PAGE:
My Uncle Bob was a champion plowman, back when that kind of thing was a big deal here in the Midwest. I don’t want his story to be forgotten. How many young men of his generation ended up meeting four presidents, and competing in Europe (twice!) solely because of a remarkable ability to plow a straight furrow?
Robert Charles Erickson (1924-2005) was my mother’s younger brother. He grew up in a farm family in northern Illinois, and learned young how to drive a tractor and work a plow. By the time he was a teen, he was competing in—and winning—level land plowing matches at the local level and beyond.
He first competed nationally in 1947 at age 23, where he lost by only .05 point. But made a number of appearances at the nationals, and in 1954 at Olney, Illinois, he achieved his dream of being national champion. So in 1955 he competed in the world championships in Uppsala, Sweden, coming in 8th out of 36. 1960 saw him winning the nationals again, in Sioux Falls, South Dakota, qualifying him to compete the next summer in Grignon, France, where he placed 12th out of 48.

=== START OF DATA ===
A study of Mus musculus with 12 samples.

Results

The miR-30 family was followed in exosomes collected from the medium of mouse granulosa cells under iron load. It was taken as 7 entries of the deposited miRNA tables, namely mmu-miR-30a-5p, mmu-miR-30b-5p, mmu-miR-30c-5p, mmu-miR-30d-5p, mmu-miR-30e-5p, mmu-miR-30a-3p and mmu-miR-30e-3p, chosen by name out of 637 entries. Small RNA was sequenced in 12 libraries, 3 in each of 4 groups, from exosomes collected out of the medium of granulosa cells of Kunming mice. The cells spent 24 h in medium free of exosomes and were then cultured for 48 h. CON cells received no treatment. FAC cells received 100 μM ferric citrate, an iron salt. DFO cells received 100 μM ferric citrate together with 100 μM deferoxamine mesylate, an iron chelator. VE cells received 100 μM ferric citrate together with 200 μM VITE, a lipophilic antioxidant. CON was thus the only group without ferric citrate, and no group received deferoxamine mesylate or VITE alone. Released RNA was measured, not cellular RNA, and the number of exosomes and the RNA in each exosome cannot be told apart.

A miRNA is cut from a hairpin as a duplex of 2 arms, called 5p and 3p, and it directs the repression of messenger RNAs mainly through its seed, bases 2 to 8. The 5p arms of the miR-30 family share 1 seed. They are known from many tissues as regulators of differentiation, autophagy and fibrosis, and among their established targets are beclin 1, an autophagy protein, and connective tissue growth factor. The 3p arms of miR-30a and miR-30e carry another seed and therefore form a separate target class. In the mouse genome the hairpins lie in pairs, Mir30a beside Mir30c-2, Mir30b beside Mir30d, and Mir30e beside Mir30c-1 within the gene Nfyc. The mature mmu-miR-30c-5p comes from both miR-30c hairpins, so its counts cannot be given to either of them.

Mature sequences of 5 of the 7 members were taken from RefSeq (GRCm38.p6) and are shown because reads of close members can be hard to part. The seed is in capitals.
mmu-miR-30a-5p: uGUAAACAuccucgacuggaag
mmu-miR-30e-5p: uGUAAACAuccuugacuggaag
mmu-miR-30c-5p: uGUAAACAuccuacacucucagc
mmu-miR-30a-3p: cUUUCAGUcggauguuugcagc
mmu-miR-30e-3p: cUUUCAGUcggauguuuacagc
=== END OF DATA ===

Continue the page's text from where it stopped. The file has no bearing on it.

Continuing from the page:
The photograph below shows him in 1956 with President Eisenhower. I also have pictures of him with Truman and Nixon. He told me once that he ate lunch with President Kennedy around the time he competed in France, but there was no photographer there.
Uncle Bob retired from national-level competition after France, due to a rule that forbade the same person from representing the U.S.A. more than twice, so my mother told me… She said the rule later changed, but he chose not to return to competition. He went back to Minooka, Illinois and farmed there the rest of his life with his father, my Grandpa Erickson, who had taught him everything he knew about plowing.
Sadly, Uncle Bob died a lonely man. He and his wife Shirley had no children, and his wife died many years before he did. Quarrels about money and inheritances had broken his ties with most of his family by the time he died. But he always loved his farm and his tractors and his stories.
I drove out to Minooka, Illinois one day a few summers ago and looked up his tombstone. I was pleased to see that it was well cared for by his best friend Tom, and that it was a fitting tribute to a Champion Plowman.